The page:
Tuesday, September 4, 2012

Record Access in a Post 9/11 World

David Rencher spoke at a luncheon of this year’s annual conference of the Federation of Genealogical Societies. He opened his remarks telling the story of the 2001 conference. It was the organization’s 25th anniversary. It was the Tuesday morning before the conference opened. The celebration was ready, the cake, the balloons, the door prizes.

“Then suddenly, on a beautiful promising sunny day,” said Rencher, “our lives changed as a nation and as a genealogical community.” It was the 11th of September.

“Little did we know at the time the transforming effect that single event would have on our access to genealogical records,” he said. Legislators joined in a bi-partisan effort to restrict access to records. Identity theft also became commonplace and genealogical databases quickly became a target of legislators.

The genealogical community has an organization to help fight these trends: the Records Preservation and Access Committee (RPAC). You may feel at times that RPAC is not doing all it can, but sometimes over reacting hurts a cause. RPAC takes thoughtful and effectual action.

Arizona vital records website
Arizona has published many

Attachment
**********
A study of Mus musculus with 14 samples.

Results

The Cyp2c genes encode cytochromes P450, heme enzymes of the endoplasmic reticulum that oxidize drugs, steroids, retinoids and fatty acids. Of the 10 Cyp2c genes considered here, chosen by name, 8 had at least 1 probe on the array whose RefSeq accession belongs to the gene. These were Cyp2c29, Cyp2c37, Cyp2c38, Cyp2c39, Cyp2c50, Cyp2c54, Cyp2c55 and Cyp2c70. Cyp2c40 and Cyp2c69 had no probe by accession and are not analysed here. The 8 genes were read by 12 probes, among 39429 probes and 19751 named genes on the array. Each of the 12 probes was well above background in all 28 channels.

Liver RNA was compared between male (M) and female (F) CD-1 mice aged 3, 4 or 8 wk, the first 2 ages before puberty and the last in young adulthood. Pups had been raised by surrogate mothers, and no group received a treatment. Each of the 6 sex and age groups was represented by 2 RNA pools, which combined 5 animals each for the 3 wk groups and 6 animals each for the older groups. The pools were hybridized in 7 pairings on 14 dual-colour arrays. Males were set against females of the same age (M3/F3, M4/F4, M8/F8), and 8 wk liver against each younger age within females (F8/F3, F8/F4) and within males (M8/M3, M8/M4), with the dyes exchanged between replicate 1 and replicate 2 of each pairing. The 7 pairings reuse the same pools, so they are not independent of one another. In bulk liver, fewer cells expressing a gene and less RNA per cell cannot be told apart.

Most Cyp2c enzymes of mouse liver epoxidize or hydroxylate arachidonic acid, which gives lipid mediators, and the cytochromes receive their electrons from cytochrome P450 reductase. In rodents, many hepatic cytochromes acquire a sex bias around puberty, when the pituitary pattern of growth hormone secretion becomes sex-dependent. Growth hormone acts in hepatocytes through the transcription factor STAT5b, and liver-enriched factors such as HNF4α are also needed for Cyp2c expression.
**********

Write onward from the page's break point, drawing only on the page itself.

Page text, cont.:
vital records online
Genealogists have experienced wins and losses since 9/11. Arizona’s online vital records is a big win. Pennsylvania is a big win where previously restricted vitals have been transferred to the state archives and can be published. The Social Security Death Index (SSDI) is in danger of being limited or being eliminated altogether. Representative Jason Chafetz of Utah is working to curtail the work of the National Historical Publications and Records Commission (NHPRC).

RPAC is monitoring these situations and acting according to reason and effectiveness. RPAC is seeking a state liaisons from each state to help it monitor and coordinate its efforts. In one existing state the representative advised RPAC to take no action, since congressmen respond best to citizens within their own state. In that particular instance, efforts at the state level successfully saved public access to a set of historical records.